The Ground Is Literally Exploding Due to Climate Change in Siberia, and It’s Going to Get Worse

“It is a pure stroke of luck” that none of the explosions and their giant craters have "caused loss of life or infrastructure damage,” said one scientist.
September 28, 2021, 4:51pm
“It is a pure stroke of luck" that none of the explosions and their giant craters have "caused loss of life or infrastructure damage,” said one scientist.
Crater C17, formed in 2020. Image:

Evgeny Chuvilin/Skoltech

ABSTRACT breaks down mind-bending scientific research, future tech, new discoveries, and major breakthroughs.

Huge gas explosions are erupting in the icy soils of Siberia, a recent phenomenon that is linked to climate change and has left gaping craters across the landscape. 

These sudden gas blowouts in permafrost, a layer of frozen ground, pose a serious risk to Arctic communities and infrastructure. That’s why scientists have been trying to understand the origins of these dangerous eruptions since the discovery of the first crater, C1, in 2014.


Now, a team led by Evgeny Chuvilin, a leading research scientist at the Skoltech Center for Hydrocarbon Recovery in Moscow, has proposed a new formation model that can explain all 20 craters that have been discovered so far across Siberia’s Yamal and Gydan Peninsulas, which could help predict where they might strike next as they increase in frequency due to climate change, according to a recent study published in the journal Geosciences.

“It is a pure stroke of luck that, so far, none of the recorded explosions followed by formation of giant craters has caused loss of life or infrastructure damage,” Chuvilin said in an email. “Several craters were discovered a few miles from commercial and economic facilities. A potential explosion hazard exists in a significant part of Yamal where gas accumulates in the upper permafrost horizons.” 

“The accumulation process can last years, but it can also be activated rather quickly by changes in the physical and mechanical properties of the upper permafrost layers, including changes caused by climate warming,” he added.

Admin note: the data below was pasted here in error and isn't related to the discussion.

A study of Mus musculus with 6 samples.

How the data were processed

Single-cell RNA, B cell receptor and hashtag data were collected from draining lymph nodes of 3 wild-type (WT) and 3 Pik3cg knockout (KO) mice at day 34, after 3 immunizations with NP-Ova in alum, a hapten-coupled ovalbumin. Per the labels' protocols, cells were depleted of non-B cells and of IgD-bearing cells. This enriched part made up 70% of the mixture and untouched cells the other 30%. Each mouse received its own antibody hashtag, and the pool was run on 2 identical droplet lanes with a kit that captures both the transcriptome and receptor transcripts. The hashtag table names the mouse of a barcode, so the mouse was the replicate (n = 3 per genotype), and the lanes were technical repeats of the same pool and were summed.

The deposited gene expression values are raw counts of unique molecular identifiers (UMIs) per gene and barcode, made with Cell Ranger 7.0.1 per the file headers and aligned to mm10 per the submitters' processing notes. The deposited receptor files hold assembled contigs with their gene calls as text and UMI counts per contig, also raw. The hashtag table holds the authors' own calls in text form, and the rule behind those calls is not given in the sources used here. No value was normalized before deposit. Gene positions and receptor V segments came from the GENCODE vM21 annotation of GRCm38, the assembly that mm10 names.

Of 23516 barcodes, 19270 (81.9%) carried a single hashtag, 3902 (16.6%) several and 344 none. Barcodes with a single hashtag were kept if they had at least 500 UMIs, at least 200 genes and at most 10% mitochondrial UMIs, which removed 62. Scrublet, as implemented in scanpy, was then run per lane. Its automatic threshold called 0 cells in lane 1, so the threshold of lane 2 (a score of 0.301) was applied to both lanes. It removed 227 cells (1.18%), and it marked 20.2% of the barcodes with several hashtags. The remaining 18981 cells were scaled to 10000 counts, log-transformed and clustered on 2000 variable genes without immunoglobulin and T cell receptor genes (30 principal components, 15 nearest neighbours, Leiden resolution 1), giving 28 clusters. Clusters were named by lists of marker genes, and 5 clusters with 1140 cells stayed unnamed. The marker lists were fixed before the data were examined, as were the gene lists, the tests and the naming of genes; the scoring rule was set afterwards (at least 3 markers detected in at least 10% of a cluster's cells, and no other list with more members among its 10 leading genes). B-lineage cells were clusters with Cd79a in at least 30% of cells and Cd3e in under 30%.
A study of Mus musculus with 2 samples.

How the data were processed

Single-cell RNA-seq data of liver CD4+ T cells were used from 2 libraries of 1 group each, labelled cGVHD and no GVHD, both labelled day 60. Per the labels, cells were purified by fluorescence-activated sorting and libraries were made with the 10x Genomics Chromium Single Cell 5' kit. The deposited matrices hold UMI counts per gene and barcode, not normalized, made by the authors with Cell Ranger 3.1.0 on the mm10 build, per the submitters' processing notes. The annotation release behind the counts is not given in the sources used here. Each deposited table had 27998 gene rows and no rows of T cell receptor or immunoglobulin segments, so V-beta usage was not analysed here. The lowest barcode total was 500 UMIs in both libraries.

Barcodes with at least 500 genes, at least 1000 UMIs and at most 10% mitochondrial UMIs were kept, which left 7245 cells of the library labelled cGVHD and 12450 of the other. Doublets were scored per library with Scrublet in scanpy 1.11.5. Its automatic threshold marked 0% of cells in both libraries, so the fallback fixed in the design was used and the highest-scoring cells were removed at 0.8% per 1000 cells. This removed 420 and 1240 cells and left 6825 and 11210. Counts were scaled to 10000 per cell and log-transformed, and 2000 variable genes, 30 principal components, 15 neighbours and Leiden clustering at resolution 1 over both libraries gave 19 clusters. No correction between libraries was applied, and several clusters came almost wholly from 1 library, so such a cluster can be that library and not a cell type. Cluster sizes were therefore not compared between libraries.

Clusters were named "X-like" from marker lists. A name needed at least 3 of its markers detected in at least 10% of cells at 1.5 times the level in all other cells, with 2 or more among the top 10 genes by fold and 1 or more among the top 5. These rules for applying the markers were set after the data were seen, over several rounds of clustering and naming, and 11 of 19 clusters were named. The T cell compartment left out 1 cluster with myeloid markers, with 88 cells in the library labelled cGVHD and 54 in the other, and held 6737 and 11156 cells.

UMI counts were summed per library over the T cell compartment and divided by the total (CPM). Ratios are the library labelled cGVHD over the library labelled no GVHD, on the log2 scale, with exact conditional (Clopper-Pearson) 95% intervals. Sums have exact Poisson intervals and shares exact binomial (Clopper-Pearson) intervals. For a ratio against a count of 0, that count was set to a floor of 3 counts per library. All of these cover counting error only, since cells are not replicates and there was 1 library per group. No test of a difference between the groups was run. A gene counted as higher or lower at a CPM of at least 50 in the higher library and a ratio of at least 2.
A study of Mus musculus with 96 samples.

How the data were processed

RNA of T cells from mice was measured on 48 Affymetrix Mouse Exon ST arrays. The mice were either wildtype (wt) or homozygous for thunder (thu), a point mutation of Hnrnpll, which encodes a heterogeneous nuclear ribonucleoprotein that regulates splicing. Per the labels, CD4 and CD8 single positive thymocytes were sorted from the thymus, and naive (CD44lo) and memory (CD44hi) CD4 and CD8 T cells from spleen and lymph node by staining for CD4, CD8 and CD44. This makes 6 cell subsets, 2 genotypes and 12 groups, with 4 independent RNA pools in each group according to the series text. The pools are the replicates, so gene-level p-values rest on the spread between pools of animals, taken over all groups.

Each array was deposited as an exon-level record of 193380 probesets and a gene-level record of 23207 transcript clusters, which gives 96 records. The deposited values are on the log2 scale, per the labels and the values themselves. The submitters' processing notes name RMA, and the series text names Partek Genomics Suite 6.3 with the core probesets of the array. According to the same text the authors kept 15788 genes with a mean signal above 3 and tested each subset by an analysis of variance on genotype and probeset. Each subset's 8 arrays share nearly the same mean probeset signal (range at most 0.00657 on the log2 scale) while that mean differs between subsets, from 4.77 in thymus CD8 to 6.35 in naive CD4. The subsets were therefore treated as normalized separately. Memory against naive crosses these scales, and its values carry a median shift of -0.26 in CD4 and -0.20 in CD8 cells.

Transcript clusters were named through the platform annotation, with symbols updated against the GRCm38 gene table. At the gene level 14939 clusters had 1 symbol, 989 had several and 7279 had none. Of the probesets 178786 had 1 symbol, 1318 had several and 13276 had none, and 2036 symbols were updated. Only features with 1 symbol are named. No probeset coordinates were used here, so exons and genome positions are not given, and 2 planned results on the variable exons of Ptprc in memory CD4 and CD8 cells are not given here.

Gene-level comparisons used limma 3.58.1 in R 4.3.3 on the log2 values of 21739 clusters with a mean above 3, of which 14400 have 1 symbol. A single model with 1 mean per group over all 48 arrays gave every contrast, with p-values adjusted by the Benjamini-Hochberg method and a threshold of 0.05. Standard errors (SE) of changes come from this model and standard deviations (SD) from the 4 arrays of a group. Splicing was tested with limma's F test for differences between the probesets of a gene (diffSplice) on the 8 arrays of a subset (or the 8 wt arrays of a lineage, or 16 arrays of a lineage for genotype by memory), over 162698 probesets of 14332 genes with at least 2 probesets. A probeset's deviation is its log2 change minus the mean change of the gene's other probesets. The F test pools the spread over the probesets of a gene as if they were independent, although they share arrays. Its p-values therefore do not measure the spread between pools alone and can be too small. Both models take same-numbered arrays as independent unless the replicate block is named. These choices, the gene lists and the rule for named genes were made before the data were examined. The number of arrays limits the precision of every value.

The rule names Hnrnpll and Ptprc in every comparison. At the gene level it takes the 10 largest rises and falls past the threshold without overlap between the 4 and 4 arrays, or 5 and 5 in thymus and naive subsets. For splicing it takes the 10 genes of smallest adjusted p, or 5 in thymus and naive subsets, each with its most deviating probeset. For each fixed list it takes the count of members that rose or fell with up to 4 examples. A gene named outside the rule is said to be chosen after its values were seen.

Chuvilin and his colleagues based much of their model on an expedition to examine a new crater, called C17, which formed about two months after it exploded in Siberia’s Yamal Peninsula during the summer of 2020. The fresh conditions at C17, which is 100 feet deep, provided new insights into the dangerous interplay that occurs between shallow surface layers warped by global warming and deeper pockets of accumulated gas.


Scientists have been raising the alarm about the effects of human-driven climate change on permafrost for decades because of its numerous deleterious consequences. The thawing of this layer deforms the ground, putting millions of people at risk from infrastructure damage, while also releasing greenhouse gases into the atmosphere, exacerbating climate change.

The new study found that in the context of the gas blowouts, the surface permafrost “caps” become weakened by this thawing process, which makes them more vulnerable to pressure from pools of methane gas that build up deep underground. This degradation of the upper permafrost also causes the subterranean “intrapermafrost” mix, which consists of cold briny water and other materials, to circulate faster, further compromising the strength of the cap above it. 

At a certain point, the pressure from the gas pools reaches a tipping point that triggers the immense explosions. Given the direct link to climate change, Chuvilin and his colleagues expect these blowouts to continue in the future, though they require specific permafrost conditions that are particularly dangerous for the Yamal and Gydan regions.

“We assume that explosive gas emissions in Yamal and Gydan may continue to occur for a while, considering the thawing of permafrost due to climate warming which creates a favorable environment for explosive gas ejections from the upper permafrost layers,” Chuvilin said. “Discovery of new craters will be facilitated by close monitoring of both this dangerous natural process and the areas prone to crater formation using field surveys and satellite imagery.”

In addition to these field and satellite surveys, the team plans to conduct drilling operations near craters to get a better sense of the complex changes occurring in thawing permafrost. Such efforts could help provide another empirical test of their blowout formation model and might also explain why some gas pockets remain stable for long periods of time while others end up blasting huge holes into the ground. 

Ultimately, Chuvilin and his colleagues want to figure out how to spot areas that might be prone to explosion, and develop ways to relieve underground pressures with degassing or drilling techniques.

“It is important to gather as much information as possible in order to be able to identify potentially dangerous spots where accumulated intrapermafrost gas can burst out, and find ways to prevent disastrous explosions,” Chuvilin said. 

“We don’t know yet whether the explosion is triggered by a single natural or human factor or a specific combination of factors, but we hope that drilling will provide new insights that will help deal with this new geocryological hazard,” he concluded. “This is exactly what our research is about.”